Comprehensive Immigration Reform

Good news, courtesy of The Weekly Standard, that Senate Majority Leader Harry Reid (D-NV) sees comprehensive immigration reform as a priority for the next Congress:

Q: With more Democrats in the Senate and the House and a Democrat in the White House, how do you see congressional efforts playing out on such issues as health care and immigration?

A: On immigration, there’s been an agreement between (President-elect Barack) Obama and (Arizona Republican Sen. John) McCain to move forward on that. … We’ll do that. We have to get this economy stuff figured out first, so I think we’ll have a shot at doing something on health care in the next Congress for sure.

Q: Will there be as much of a fight on immigration as last time?

A: We’ve got McCain and we’ve got a few others. I don’t expect much of a fight at all. Now health care is going to be difficult. That’s a very complicated issue. We debated at great length immigration. People understand the issues very well. We have not debated health care, so that’s going to take a lot more time to do

The most recent entry on whitehouse.gov’s comprehensive immigration reform page is from January 2008. Hopefully, under an Obama Administration, it will be more active.

The Credit Card Bailout

The Bush-Pelosi bailout has now officially jumped the shark.

Hank Paul, empowered by George Bush and Nancy Pelosi, now present: The Credit Card Bailout.

What is disturbing about our President, and our even worse Congress, is that we are throwing good money after bad in a way that is not only wasteful, but also foolish.

The purpose of the credit card bailout is obviously to increase spending. The credit card bailout does so by socializing the losses that individuals and banks have taken because people bought things they could not afford, while allowing the individuals to keep those toys and the bansk to keep collecting interest payments.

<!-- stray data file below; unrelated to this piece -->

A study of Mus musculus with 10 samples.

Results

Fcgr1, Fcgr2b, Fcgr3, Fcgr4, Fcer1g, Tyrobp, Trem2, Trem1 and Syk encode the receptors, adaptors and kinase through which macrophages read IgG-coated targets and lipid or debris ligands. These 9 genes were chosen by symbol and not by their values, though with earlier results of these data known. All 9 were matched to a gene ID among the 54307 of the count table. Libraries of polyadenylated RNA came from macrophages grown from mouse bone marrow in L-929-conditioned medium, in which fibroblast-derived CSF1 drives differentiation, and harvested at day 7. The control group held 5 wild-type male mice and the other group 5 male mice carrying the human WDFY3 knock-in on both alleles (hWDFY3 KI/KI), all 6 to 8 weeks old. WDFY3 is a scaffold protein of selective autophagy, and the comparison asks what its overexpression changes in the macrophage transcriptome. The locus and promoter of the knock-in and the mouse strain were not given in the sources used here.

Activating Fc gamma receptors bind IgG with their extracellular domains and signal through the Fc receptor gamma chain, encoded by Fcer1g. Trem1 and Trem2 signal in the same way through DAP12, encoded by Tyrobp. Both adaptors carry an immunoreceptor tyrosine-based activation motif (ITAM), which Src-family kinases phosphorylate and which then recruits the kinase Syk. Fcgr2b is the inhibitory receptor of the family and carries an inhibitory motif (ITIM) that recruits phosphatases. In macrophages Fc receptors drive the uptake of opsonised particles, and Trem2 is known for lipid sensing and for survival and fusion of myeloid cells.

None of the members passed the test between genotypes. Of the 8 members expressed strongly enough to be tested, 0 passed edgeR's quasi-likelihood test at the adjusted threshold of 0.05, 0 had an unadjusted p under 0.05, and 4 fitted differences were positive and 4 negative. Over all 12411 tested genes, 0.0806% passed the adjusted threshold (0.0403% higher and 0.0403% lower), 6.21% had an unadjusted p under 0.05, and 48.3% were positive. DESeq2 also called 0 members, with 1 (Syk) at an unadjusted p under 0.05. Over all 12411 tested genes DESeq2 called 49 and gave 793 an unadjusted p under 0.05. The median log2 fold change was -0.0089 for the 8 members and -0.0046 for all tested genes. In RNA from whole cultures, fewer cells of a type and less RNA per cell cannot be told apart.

Without the credit card bailout, less bad offers would be made, and more people would forced into bankruptcy by institutions desperate to get whatver cash back is possible, as soon as possible.

However, instead of rewarding bad behavior, this money can be spent on ways that will help our country and our world.

For instance, while the government maintains a large fleet of flex-fuel vehicle, 92% of them consume pure gasoline because they are too far from E85 stations. We could spend money to subsidize nearbye stations putting in E85 pumps, which would immediately create work and then reduce the flow of capital from us to petro-states.

Instead, we do a credit card bailout.

We subsidize men like Hugo Chavez, who recently threatened to send in the tanks if a friend lost an election, in order to bailout credit cards.

The financial crisis is an opportunity: money will have to be spent to limit the pain, and this money can be invested in mediating the destructive influence of oil and natural gas. However, the same forces make alternative energy sources (ethanol, wind, etc) less attractive in the short term.

The Democrats may be ready to do their part.

Unfortunately, with Bush we get more of the same: a credit card bailout.

Update: While I was writing this, the fed announced a $500 billion plan to bailout bad mortgage-backed securities. The quicker we can get the Bush financial team out of office, the better.